Are your text messages private and secure with Messages? No. Why not? They are encrypted, but anyone with access to your iPhone, Mac, or iPad has access to those Messages’ messages. There are a few holes in Messages and Apple could make it more like other text messaging platforms.
Kill Me Now
The first problem with Messages is obvious. Yes, Messages is end-to-end encrypted, but anyone with access to your device has access to Messages. It isn’t blocked. Apple could add another layer of security to allow access to the app itself. Law enforcement may not be able to get to the message but they can get to the metadata which is not encrypted and remains on iCloud. Big Brother can figure out who you’ve been texting and when.
The second problem with Messages is less obvious but frighteningly obvious when you think about it. Messages, as actual text messages to or from someone, can be stored as long as you choose, thereby creating an incriminating trail.
Chris IP went through the list of the most prevalent and popular text messaging systems so you can see a few of the pros and cons of what he called The Safest Messaging Apps. The most used messaging apps have similar problems to Messages (notoriously missing from the list).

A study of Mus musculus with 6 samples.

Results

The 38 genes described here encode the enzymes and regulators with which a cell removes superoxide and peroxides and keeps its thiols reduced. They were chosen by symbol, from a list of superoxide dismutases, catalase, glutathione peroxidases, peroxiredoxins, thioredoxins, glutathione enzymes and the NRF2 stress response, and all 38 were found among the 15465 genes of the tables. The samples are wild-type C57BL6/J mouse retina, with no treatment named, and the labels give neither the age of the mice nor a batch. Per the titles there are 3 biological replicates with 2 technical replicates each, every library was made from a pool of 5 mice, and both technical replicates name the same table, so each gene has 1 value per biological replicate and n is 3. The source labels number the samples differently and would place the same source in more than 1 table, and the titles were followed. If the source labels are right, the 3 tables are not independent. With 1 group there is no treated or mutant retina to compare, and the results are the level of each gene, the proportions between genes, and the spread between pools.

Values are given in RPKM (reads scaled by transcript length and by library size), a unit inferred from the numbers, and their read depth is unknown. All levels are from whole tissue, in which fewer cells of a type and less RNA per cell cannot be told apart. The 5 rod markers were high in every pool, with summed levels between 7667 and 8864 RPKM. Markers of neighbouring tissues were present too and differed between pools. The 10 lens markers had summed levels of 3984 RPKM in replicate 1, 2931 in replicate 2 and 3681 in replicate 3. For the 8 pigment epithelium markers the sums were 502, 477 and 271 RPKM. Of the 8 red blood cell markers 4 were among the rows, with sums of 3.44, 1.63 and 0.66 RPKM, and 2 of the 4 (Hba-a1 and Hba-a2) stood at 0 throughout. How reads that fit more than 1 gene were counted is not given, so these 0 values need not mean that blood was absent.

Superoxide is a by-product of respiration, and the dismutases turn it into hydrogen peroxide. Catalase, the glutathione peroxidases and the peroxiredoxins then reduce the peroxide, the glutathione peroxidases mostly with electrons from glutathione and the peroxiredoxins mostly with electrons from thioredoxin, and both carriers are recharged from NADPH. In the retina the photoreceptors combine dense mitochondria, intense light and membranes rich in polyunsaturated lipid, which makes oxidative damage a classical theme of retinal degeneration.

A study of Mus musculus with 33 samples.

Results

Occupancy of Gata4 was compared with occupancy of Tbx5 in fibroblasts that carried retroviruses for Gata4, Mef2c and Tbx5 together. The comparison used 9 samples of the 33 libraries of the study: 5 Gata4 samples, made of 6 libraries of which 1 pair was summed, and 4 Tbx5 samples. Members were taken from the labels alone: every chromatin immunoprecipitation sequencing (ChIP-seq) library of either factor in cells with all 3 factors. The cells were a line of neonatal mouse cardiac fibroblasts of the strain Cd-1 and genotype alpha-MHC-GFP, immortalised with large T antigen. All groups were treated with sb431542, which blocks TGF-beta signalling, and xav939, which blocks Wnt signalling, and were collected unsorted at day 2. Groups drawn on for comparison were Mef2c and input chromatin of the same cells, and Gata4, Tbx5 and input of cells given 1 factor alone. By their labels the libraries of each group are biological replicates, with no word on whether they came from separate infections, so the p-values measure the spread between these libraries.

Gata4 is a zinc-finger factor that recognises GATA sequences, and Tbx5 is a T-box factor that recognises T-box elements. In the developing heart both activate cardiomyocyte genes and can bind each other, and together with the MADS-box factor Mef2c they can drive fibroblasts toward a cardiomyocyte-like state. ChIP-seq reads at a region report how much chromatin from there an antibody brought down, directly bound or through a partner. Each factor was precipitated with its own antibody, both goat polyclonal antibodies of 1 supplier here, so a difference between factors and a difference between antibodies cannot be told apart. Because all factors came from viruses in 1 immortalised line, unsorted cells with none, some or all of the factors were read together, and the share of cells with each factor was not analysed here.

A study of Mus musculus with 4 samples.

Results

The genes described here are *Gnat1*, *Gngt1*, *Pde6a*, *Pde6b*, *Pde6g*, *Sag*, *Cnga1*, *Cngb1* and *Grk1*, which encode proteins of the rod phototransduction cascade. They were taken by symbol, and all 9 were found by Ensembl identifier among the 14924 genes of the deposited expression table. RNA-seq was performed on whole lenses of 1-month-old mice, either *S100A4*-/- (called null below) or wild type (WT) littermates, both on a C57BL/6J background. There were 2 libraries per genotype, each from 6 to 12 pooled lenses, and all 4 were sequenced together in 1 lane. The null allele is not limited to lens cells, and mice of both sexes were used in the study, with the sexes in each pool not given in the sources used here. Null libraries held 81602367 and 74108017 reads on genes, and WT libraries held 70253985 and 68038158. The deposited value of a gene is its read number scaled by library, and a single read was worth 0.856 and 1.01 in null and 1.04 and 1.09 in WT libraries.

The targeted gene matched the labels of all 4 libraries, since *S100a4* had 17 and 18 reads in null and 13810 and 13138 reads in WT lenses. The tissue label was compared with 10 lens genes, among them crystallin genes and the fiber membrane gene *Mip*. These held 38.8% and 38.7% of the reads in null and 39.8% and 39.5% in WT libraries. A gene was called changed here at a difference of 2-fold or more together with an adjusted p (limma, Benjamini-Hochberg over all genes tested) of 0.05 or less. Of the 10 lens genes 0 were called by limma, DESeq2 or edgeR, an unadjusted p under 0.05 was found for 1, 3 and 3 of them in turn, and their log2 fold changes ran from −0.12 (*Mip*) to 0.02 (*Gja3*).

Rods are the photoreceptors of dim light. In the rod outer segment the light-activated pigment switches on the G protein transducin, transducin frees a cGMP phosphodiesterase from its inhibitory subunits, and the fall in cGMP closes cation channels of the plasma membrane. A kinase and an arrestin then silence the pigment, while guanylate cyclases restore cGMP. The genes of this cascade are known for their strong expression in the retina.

Fortunately, Chris’ choice for the benchmark in text messaging is the one I use for important messages (avoid anything connected with Facebook; Messenger, WhatsApp, and anything connected with China (WeChat).
Besides developing the benchmark end-to-end encryption protocol, Signal is generally the privacy advocate’s choice of most-secure messenger app. Chats are fully encrypted by default, as is metadata like who you’re talking to. Messages can be set to self destruct and can be sent anonymously.
Signal has what Apple needs in Messages. Text, group text, audio, video, documents, and images. No fees. Totally free. Everything is encrypted end-to-end and messages can be set to be destroyed after an increment of time. For everyone. Even group texts. Even the standard audit trail; on each device and on Signal servers.
That’s privacy and security. Why doesn’t Apple do the same thing with Messages?